Bill forces savings and loan associations to become association banks

The joint ministries building in Tallinn.
The joint ministries building in Tallinn. Source: Siim Lõvi /ERR

Draft legislation from the Ministry of Finance would obligate savings and loan associations to reorganize as association banks or close shop. The aim of the amendments is to ensure the protection of members' savings. The Estonian Union of Credit Cooperatives believes this would end a historic business niche between banks and the so-called grassroots level.

The planned amendments follow several cases where savings and loan association bankruptcies have seen members lose a sizable part of their savings in Estonia.

"The aim of going with association banks is for these organizations to fall under the remit of the Financial Supervision Authority and qualify for guarantee fund protection for all deposits," said Toomas Auväärt, deputy desk director for the ministry.

An association bank differs from a traditional bank in that it is owned by its members each of whom has a single vote. An association bank is subject to stricter rules than a savings and loan association and its deposits have a state guarantee of up to €100,000.

"One of the main requirements for an association bank is capital. The sum needed to found an ordinary bank is €5 million. We are considering making an exception for association banks and setting this at €1 million," Auväärt said.

The representative body of savings and loan associations in Estonia, the Estonian Union of Credit Cooperatives, believes the bill would end a long cooperative action tradition in Estonia.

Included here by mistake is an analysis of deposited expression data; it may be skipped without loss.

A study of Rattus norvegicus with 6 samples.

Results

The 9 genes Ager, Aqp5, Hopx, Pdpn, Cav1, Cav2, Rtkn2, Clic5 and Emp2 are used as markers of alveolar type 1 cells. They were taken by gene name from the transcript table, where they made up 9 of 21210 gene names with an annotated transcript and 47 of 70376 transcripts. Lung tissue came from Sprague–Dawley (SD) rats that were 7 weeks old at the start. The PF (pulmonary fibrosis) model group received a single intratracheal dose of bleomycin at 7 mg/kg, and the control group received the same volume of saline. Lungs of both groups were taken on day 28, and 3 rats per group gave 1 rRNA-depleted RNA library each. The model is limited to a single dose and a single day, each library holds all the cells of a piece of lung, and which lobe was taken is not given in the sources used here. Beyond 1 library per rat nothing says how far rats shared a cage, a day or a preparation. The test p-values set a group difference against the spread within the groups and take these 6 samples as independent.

"There are requirements involved which are draconian enough considering the small size of regional savings and loan associations handling members' deposits and loans. They would have to multiply their volumes to become banks, which really isn't realistic," said Uno Silberg, chair of the Estonian Union of Credit Cooperatives.

"We will wait for amendment proposals to point out shortcomings and aspects making it difficult for savings and loan associations to reorganize as association banks. If there is a practical fix that can be used to improve cooperative activity, we are willing to consider it, while the bill does not aim to put an end to cooperative activity," said Priit Lomp (SDE), member of the Riigikogu Economic Affairs Committee.

Data from the Ministry of Finance suggests Estonia has 21 savings and loan associations with 14,000 total members and financial volume of around €100 million.